By now, I’m sure you have read or heard that Kolten Wong will be platooning at second base at the beginning of the season, which is only 6 days away. And I’m sure you have heard that he is unhappy about it, and spread the word by spouting off to Ben Fredrickson of the St. Louis Post-Dispatch about it in an interview. Kolten later “clarified” his statements, which only made things worse. If Kolten was unhappy about being part of a platoon, he should have complained to his manager about it rather than airing out his dirty laundry in a newspaper interview. Kolten may not have found himself as part of a platoon if his spring batting average had been greater than .170. Last year, his spring training batting average was .304. That looks like a slump to me.
There have been efforts made to make Kolten comfortable and give him confidence. When Kolten was made the starting second baseman in 2014, Mark Ellis was signed to provide guidance. In 2016, the Cards gave Kolten a five-year, $25.5 million dollar contract. I don’t know about you, but that would make me really comfortable and confident that the team I played for loved me. That would make me want to work hard and not rest on my laurels. Unfortunately, that large contract is the reason that Kolten will not be traded like so many people have been clamoring for. No team is going to pick up that large contract for a player that currently only hits .170. The only way Kolten gets traded at this point is if the Cardinals were willing to eat some of that contract.
So Kolten needs to put up, bat up, and shut up. He needs to make his bat do the talking and not his mouth. In the end, winning games is what it’s all about, not whether a player is happy or not. I’ve worked at jobs before that I’ve absolutely hated, but I’ve stayed with those and not complained because I needed that job. Kolten needs to do the same.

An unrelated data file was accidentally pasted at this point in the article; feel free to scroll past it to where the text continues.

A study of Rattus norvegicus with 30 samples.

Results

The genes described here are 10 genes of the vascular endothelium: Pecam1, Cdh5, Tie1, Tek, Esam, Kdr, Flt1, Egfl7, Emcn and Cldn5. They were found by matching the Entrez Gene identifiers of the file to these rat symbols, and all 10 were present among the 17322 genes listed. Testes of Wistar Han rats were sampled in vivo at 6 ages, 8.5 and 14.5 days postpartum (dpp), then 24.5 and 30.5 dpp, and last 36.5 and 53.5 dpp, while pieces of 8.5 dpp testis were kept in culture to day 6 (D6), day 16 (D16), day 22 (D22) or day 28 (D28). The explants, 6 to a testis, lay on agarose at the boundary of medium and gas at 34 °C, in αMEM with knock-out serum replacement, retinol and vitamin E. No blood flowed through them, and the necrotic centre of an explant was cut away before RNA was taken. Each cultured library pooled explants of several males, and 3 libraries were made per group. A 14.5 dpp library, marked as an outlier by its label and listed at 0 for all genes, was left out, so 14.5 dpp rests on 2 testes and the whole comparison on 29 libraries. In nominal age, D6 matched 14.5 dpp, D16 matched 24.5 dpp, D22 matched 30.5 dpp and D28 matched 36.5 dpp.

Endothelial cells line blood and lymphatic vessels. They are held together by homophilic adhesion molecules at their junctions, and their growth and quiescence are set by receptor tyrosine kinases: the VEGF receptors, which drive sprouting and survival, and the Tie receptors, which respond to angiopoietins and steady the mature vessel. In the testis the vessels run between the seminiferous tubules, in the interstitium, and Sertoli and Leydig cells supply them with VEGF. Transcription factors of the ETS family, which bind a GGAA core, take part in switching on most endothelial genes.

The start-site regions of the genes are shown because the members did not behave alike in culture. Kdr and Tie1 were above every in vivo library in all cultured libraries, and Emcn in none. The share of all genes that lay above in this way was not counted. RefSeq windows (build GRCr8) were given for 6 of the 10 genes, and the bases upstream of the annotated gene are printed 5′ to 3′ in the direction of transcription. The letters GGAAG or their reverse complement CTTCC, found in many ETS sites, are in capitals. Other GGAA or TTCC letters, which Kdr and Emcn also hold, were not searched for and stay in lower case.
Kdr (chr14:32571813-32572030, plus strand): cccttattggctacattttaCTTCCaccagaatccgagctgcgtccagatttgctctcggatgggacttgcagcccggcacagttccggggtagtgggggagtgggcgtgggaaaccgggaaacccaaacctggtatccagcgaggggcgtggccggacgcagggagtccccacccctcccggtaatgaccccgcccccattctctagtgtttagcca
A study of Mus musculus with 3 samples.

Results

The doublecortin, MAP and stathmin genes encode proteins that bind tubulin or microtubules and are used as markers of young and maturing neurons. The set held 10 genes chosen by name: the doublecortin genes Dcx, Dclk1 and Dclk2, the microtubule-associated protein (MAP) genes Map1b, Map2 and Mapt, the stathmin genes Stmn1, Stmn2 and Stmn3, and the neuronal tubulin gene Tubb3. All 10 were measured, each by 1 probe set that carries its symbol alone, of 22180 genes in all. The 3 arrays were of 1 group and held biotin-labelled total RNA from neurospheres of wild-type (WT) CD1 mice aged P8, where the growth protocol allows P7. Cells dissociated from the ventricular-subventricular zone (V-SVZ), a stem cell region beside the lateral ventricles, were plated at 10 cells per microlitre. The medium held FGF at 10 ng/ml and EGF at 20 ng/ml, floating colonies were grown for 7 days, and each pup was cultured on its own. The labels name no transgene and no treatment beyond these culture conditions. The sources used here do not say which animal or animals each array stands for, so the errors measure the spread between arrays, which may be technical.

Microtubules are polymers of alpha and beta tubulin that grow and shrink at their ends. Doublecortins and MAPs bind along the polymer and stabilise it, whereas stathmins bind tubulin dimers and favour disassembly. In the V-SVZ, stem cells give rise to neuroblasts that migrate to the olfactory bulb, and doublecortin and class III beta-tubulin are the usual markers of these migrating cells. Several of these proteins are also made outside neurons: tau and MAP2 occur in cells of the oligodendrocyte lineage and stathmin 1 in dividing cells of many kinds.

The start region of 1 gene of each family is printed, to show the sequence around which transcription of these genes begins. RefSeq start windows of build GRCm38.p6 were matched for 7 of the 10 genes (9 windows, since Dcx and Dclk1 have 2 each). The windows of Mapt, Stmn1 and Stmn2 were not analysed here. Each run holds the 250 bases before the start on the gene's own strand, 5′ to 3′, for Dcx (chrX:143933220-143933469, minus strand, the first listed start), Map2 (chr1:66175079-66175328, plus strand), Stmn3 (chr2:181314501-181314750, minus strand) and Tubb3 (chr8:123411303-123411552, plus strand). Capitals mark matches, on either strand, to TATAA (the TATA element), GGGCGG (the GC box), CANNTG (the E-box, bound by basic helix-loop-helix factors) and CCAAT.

You may be wondering (or not) why I am posting in the middle of the afternoon instead of being at work. I took today off to attend the visitation for my ex-father -in-law, David Peery, Jr. My mother-in-law died last month and Dave died last week. People close to me, please stop dying. Thank you.
My ex-father-in-law was a great guy. He was like a second father to me. He loved to barbecue, garden and listen to Cardinals baseball on the radio. He enjoyed drinking beer as well, and he and I drank many a beer together. When his son left me for a guy just a month after I gave birth to our daughter, he and his wife took us in and let us stay with them for over a year until I had the money put together to move out to a place of our own. I will be forever grateful to them for that. They also watched my daughter while I worked for a few years after we moved out. I will miss him.
Dave was a big Cardinals fan. We used to discuss Cardinals baseball when I visited. When I and my daughter visited Dave during her brief detour into being a Cubs fan, I asked her why she had gone over to the Dark Side and he laughed uproariously. Dave told me once that he almost was a Cardinal. He had signed with the team (probably in 1957, after he graduated from high school) but made an unwise decision to play a game of pickup football the weekend before he was to report. He broke his ankle during the game and that was the end of his baseball career. Isn’t it amazing how much one bad decision can affect so many lives? If Dave had become a Cardinal, I would probably never have met his son, married him and had our daughter. I wish I could find out whether Dave actually signed with the Cardinals or if he was just pulling my leg. If anyone could come up with proof that he did sign with the Cardinals, I’d be eternally grateful.
Thanks as always for reading. See you next time!